New Book Will Be Artist’s Best Friend for Career and Life

Anyone who thinks you cannot make a living as an artist had better think again because Heather Allen is not only here to prove that old myth wrong, but she is ready to share common sense about being an entrepreneur and how to make a career out of your passion.

As a self-employed author myself, I wish I had been able to read this book when I first set off to support myself through writing and related activities. Let Your Creativity Work for You is the perfect guide for anyone who wants to set up a business, who wants to make a living through his or her artwork, and who isn’t afraid of making money or being a success. It’s time for people to quit thinking that being an artist means having to starve in a garret. Great artists deserve to be appreciated and make a viable living, and the world deserves great art to make it a better place.

Early on, Heather addresses this issue through one of the many artists she interviews, Jason Hoelscher. She states, “They didn’t have professional development classes when Jason Hoelscher was an undergraduate. In fine arts studies courses, the notion of combining artistic skill development with career and income opportunities remains, as it has historically, off limits.” However, Jason reveals that artist solopreneurs can be successful by doing three things:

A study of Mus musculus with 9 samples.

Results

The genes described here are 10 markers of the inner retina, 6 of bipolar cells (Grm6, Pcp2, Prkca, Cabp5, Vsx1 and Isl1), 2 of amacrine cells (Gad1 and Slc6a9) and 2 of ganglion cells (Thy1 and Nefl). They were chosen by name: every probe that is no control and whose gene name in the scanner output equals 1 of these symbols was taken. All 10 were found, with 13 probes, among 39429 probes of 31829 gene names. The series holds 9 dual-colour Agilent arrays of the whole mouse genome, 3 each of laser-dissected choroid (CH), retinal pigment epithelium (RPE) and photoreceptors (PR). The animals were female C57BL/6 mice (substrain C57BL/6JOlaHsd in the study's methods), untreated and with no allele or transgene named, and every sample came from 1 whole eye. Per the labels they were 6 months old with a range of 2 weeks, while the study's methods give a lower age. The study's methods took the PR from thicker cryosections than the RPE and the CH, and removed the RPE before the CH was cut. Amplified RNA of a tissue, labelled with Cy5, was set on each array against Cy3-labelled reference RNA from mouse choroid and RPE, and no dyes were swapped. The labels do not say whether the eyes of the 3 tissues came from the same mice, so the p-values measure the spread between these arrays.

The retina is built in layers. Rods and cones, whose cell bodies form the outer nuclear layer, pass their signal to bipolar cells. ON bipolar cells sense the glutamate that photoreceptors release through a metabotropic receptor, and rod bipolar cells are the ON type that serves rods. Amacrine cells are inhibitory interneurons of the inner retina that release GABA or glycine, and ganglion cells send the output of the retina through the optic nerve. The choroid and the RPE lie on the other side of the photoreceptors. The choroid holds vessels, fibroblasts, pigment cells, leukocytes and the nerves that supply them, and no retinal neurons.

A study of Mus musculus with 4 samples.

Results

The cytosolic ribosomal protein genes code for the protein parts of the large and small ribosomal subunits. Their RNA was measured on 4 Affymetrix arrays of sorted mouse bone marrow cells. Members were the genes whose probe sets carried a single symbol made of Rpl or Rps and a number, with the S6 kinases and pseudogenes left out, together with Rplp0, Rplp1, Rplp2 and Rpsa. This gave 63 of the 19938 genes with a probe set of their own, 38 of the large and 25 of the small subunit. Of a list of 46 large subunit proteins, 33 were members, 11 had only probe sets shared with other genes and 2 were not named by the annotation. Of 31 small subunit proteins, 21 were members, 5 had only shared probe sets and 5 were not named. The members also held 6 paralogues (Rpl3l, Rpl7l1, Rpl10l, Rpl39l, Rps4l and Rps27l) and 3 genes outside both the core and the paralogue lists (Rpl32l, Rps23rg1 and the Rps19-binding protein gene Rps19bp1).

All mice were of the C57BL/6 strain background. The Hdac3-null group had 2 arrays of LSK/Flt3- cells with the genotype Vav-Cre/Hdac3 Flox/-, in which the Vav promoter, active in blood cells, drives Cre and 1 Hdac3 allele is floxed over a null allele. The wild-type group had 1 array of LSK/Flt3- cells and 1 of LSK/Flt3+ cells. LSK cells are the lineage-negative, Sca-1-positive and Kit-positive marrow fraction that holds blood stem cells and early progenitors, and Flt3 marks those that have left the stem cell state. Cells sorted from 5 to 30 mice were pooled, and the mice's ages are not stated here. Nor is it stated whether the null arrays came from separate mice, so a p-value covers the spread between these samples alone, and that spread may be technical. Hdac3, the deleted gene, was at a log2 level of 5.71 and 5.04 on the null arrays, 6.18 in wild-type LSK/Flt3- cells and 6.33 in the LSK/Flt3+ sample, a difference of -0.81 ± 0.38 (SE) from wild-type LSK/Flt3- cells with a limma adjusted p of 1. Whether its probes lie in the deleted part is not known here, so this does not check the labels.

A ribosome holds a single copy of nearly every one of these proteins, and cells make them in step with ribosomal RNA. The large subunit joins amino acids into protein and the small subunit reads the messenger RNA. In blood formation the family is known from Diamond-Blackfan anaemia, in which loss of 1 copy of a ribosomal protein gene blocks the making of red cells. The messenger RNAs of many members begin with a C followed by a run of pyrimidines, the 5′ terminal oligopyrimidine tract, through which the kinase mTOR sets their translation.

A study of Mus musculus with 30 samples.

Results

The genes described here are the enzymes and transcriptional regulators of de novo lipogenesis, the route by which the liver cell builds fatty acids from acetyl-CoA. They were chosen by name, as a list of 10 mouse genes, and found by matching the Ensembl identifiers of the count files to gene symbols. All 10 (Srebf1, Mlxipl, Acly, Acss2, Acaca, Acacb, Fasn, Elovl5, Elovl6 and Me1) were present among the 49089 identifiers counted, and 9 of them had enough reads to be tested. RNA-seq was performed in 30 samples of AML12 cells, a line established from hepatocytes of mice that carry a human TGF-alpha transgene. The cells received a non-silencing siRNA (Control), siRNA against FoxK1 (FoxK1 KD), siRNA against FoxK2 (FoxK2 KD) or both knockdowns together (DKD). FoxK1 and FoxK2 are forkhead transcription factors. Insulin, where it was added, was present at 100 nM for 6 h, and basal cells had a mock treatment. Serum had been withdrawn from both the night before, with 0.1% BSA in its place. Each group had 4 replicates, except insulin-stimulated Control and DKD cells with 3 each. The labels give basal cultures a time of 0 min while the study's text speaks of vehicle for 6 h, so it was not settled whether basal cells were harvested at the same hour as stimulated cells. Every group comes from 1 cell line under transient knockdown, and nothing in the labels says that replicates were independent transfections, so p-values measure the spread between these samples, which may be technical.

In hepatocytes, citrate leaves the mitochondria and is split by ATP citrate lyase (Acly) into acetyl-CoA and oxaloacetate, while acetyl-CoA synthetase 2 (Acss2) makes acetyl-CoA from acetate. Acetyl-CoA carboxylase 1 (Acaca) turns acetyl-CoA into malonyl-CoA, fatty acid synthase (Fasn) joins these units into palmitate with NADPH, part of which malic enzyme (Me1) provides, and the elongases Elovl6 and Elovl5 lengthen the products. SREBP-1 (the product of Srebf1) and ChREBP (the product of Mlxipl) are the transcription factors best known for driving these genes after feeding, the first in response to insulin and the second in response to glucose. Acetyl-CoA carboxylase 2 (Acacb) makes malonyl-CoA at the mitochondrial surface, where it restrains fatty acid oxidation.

1. You must be strategic in your approach.
2. You must do your research.
3. You must be in it for the long haul.

From this both inspirational and down to earth beginning, Heather walks readers through everything imaginable that a business person and artist needs to know. Chief among these is setting goals, and then making them achievable through five, two, and one year plans. She includes goal sheets and other activity spaces throughout the book for the reader to fill out and do exercises to motivate and make the advice in the book applicable.

From there, Heather gets into some of the real nitty-gritty of running a business, including tracking mileage for travel, taking credit card payments, and using a CRM (Customer Relationship Management) program. But she never gets too caught up in details to overlook the bigger picture of being an artist who needs an income. She discusses how to balance producing your art with the details of running a business, how to create multiple sources of income, the importance of branding, how to use social media and websites to promote your art and business, and one of the most difficult of all subjects: how to set boundaries with clients, be direct about expectations with them, and even maintain a waiting list for your services.